My guilt is encompassing a wide area. It doesn’t just touch down on one thing. Oh no. It likes to wraps itself around a variety of areas to ensure I get the full mom-guilt experience.

To start off, I’m not a fan of missing work, more so because if I don’t work, I don’t get paid. But also because I don’t like leaving my job for my coworkers to take care of. I feel guilty for not being there as promised and I feel like I’m leaving my class high and dry (which is totally not the case, but that’s something you can take up with my anxiety).

Next we have the guilt over money. Like I said, if I don’t work, I don’t get paid. Money is a stressor for me. We most certainly aren’t going to go hungry if I miss work, but I do feel guilty when I feel like I’m not pulling my weight. My mind starts to race and I think about all the things we could have done with those couple of day’s pay. It sounds a bit ridiculous, I know, but once again, my anxiety takes the reigns and puts all these irrational thoughts in my head. It convinces me that I’m letting my family down. Thankfully the rational side of my noggin defends me by explaining that I am in fact taking care of my family by taking care of my sick child. It’s called parenting, I rudely say to my irritating anxiety.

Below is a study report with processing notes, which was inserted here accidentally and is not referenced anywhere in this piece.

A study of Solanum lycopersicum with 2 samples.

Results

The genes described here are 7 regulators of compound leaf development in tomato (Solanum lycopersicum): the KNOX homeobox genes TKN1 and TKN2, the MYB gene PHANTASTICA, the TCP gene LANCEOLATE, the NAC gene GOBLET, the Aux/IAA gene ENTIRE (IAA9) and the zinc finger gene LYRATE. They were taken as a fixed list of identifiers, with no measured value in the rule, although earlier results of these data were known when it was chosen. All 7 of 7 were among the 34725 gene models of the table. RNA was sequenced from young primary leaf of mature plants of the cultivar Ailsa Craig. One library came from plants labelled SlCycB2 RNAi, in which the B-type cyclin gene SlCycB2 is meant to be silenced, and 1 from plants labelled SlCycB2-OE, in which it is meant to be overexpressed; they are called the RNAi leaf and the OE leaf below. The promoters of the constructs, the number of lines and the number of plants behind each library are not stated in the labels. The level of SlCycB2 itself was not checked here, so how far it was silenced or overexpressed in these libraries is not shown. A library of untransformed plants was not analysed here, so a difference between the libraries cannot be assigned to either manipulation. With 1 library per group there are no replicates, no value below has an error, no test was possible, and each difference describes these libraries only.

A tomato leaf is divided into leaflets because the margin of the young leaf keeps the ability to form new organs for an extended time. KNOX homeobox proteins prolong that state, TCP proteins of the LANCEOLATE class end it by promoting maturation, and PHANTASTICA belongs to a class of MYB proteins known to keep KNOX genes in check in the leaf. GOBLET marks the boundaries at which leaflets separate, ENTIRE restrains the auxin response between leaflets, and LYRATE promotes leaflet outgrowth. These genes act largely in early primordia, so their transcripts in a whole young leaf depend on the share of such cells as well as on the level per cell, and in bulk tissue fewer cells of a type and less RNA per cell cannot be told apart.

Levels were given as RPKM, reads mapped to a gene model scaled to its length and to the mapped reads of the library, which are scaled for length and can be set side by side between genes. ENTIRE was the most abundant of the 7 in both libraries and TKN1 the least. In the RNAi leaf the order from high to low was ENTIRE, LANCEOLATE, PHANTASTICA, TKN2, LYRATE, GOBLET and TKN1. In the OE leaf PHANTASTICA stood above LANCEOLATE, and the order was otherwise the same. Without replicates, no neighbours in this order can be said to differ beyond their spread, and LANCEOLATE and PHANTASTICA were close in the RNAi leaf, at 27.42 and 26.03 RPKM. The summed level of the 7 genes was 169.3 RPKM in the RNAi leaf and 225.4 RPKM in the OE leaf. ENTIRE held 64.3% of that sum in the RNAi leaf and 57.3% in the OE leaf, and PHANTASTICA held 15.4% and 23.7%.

Finally, I have guilt over feeling guilty over missing work when my son is sick. He’s only three and a half so I don’t need to explain why he can’t be left at home on his own. To rub salt in the wound, my boss and my coworkers are completely okay with the fact that I need to stay home, as they too are parents. There is absolutely no one telling me I’m wrong or that I’m failing. Nope, no one but me.

The working-mom guilt is a real thing. It’s intrusive and unfair. It’s invasive and irrational. It pulls you in all directions, causing anxiety and frustration at every turn. You’re never satisfied.

My number one concern is and will always be my child, and I resent feeling guilty about missing work when my kid needs me.

So, to the anxiety and guilt that invade me like parasites, you can’t fool me. Not this time. This time I know I’m doing what I not only have to do, but want to do.